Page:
The Project at a Glance:
Resilient Agriculture & Self Help Groups – In Partnership with the Local Church
- 54 Villages in Saura & Malto Communities in Rayagada DIstrict, Odisha State, India
- Pakur, Pakur District, Jharkhand State, India
Local Church Partners –
- Evangelical Fellowship of India Commission on Relief (EFICOR)
- Free Methodist Chruch – Christian Outreach Uplifting New Tribes (COUNT)
People Impacted – 6,990
Women and Children Impacted – 51% (combined Pakur and Saura)
Total Project 2019-2021 – $155,000 per year
With the Saura and Pakur communities, located in Eastern India, agricultural production is low and seasonal. Located on isolated, rugged terrain, these ethnic communities lack access to basic facilities like clean water, health care, and education. They live in an area of 4 months of monsoon rain, followed by 8 months of drought.
These marginalized ethnic communities are dependent on increasingly unproductive agriculture. Vulnerability and poverty levels are high. They face problems such as hunger, and malnutrition, physical and psychological hardships, social discrimination, economic instability, political powerlessness, and very low agriculture production.
We work alongside EFICOR and the Free Methodist Church’s social service arm C.O.U.N.T (Christian Outreach Uplifting New Tribes) to address the needs of these communities.
This project creates livelihood opportunities through Conservation Agriculture, Saving and Loans Self-Help Groups, and skill development. Projects in Pkur and Saura districts help vulnerable farmers become food secure, reduce the need for seasonal migration of the community’s men to bigger centers for work. In addition, pregnant women and children receive nutritional support and health education to reduce malnutrition.
- Lack of access to financial services.
- Food insecurity and malnutrition.
- Physical hardships and low agricultural production.
- Tribal caste system causing discrimination and political powerlessness.
- Isolated and hilly areas deprived of services.
- Good agricultural land is almost absent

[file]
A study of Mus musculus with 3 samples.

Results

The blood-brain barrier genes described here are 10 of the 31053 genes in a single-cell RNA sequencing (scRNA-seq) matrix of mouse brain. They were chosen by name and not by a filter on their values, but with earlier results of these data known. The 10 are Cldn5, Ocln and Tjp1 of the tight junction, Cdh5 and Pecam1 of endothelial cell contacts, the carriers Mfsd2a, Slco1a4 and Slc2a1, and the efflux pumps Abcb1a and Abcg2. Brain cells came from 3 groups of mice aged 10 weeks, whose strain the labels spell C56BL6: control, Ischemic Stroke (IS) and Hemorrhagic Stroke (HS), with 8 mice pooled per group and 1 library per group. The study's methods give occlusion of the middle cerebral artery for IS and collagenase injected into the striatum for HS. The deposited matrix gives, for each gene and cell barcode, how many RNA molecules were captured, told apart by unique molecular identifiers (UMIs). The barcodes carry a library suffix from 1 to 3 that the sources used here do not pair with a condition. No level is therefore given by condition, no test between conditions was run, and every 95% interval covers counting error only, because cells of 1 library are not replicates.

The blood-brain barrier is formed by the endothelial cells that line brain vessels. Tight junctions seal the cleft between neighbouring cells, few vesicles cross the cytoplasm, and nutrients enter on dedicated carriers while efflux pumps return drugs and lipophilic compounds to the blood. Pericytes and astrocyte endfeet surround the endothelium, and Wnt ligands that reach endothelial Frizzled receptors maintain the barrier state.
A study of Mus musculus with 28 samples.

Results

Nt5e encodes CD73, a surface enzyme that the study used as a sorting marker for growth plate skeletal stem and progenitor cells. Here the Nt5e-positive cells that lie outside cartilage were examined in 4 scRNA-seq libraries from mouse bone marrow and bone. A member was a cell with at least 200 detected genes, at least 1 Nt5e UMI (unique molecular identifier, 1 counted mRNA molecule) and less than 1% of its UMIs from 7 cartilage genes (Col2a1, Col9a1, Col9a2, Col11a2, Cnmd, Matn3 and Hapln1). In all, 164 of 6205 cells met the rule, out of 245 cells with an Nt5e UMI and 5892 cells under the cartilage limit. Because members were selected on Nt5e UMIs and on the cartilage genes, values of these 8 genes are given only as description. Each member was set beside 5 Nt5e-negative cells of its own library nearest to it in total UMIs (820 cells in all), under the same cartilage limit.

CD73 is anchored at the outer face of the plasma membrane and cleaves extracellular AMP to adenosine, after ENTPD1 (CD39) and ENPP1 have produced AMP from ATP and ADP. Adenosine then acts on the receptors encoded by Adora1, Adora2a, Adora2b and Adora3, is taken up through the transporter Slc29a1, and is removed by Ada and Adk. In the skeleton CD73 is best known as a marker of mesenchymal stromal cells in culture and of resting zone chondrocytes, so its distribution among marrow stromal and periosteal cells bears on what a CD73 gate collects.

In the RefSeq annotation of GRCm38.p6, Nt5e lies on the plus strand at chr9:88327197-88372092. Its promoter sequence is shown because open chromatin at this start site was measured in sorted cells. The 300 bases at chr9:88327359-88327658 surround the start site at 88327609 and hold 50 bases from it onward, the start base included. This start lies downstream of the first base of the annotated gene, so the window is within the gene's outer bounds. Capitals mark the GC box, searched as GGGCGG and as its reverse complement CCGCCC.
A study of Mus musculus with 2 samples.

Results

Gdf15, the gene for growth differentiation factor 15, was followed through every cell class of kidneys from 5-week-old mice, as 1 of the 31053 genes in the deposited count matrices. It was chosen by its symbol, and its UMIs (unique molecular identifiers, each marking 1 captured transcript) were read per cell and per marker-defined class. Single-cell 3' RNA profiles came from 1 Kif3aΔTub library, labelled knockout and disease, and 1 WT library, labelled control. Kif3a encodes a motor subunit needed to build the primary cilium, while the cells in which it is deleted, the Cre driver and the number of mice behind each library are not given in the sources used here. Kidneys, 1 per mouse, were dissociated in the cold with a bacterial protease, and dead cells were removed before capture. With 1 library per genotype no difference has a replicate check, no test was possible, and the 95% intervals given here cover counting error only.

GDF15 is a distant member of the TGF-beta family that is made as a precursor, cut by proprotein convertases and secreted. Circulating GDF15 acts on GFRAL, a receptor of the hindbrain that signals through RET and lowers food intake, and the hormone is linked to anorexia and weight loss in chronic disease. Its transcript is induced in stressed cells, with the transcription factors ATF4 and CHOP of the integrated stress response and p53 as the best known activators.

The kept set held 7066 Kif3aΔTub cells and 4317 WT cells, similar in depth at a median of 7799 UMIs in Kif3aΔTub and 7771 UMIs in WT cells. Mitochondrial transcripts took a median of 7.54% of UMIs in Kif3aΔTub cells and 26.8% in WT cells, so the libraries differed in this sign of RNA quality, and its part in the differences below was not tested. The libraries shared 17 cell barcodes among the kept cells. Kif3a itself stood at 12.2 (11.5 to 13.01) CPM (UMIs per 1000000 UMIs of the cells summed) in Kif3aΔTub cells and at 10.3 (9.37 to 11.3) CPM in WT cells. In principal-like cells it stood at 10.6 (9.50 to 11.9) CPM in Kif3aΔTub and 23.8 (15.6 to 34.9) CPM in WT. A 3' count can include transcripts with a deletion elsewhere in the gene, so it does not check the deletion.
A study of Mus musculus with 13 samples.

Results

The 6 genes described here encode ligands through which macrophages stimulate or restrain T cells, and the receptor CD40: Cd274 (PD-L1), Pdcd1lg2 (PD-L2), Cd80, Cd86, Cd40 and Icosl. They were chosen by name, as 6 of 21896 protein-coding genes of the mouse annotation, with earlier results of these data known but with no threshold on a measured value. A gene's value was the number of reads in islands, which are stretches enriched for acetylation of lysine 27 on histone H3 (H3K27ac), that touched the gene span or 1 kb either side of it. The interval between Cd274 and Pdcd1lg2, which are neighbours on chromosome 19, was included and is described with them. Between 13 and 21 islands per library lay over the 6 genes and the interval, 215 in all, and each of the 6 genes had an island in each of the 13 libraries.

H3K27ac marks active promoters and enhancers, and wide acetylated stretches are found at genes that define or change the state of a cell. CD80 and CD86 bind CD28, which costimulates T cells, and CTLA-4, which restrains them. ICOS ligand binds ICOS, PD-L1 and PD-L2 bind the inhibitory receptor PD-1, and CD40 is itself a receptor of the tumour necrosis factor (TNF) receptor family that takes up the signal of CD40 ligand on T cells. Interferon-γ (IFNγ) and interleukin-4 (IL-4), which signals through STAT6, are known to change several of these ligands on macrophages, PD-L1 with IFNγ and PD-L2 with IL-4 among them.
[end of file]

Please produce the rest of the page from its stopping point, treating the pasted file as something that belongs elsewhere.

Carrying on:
- Monsoon rains followed by drought.
- Lack of Market Linkages for cash crops.
- Active Rebel groups limiting good development.
Through a community based organizational approach, farmers learn low rainfall agriculture practices, by receiving training in:
- Planting techniques and crop rotation.
- Green manure, mulching, composting and intercropping.
- Ways to improve soil fertility.
- Water harvesting to enable irrigation of select lowland fields, especially for rice.
- Forest management training.
Through a community based organizational approach community members gain economic empowerment and stability through:
- Self Help Groups.
- Training and provision of male goats for breeding.
- Market linkages to increase sales of non-timber forest products such as fruits, nuts, broom materials, honey, etc.
- Horticulture production.
Mentoring and Capacity Building:
Through mentorship, existing Village Councils will learn to engage in advocacy and interface meetings with local government and service providers in order to access basic services for their community.
How we work with the Local Church:
Tearfund works with national church relief and development arms and local churches. They are part of the largest social service network in the world! We recognize that sustainable solutions to poverty require whole-life transformations – physical, economic, emotional and spiritual.
Tearfund is introducing savings group programs among the Saura people to improve household incomes and help people gain freedom from unethical loan practices. The rural poor in India often find themselves in a perpetual debt trap to local money lenders who charge exorbitant interest rates of 60-100 percent. Savings groups complement agricultural programming by providing access to loans that farmers can use to buys seeds, tools and livestock in order to fully benefit from their training.
Prone to increasingly common environmental disasters, India remains vulnerable to annual extreme weather events. In the past three years, the country has seen devastating rainfall and flooding throughout Bihar and Kerala, killing over 3,000 people and displacing 47 million between India, Bangladesh, and Nepal. The poorest were hit the hardest – their houses are not built to withstand heavy rainfall, landslides or flooding, and flooding is especially detrimental to areas where livelihoods depend on agriculture. Crops were washed out, along with people’s source of food and income for the next year. Tearfund’s partner EFICOR has worked to provide safety and care to the poorest and hardest-hit areas of India.
Work done in the last year:
- 912 farmers were trained in Conservation Agriculture
- 447 farmers were trained in improved dry-land farming and System of Rice Intensification (SRI)
- 1,008 farmers participated in livestock management training
- 3 open wells were renovated in 3 villages in Pakur, allowing 437 people to access clean drinking water
- 27 savings groups were established, reaching 2,401 people
From the Saura ethnic community, the Patika family, like other farmers, faced many challenges to their rice production. Trinath heard about the “System of Rice Intensification” (SRI) training from one of his neighbors and was keen to apply the practice. Eager to start, the family received rice seed and SRI training just in time for planting season. Even in erratic monsoons and a cyclone, the SRI plants were much stronger than their traditional plants and were able to withstand monsoon damage. He looks forward to harvesting 70% more yield than last year, providing his family with food security all year! Moreover, a Free Methodist Church was recently planted in his community.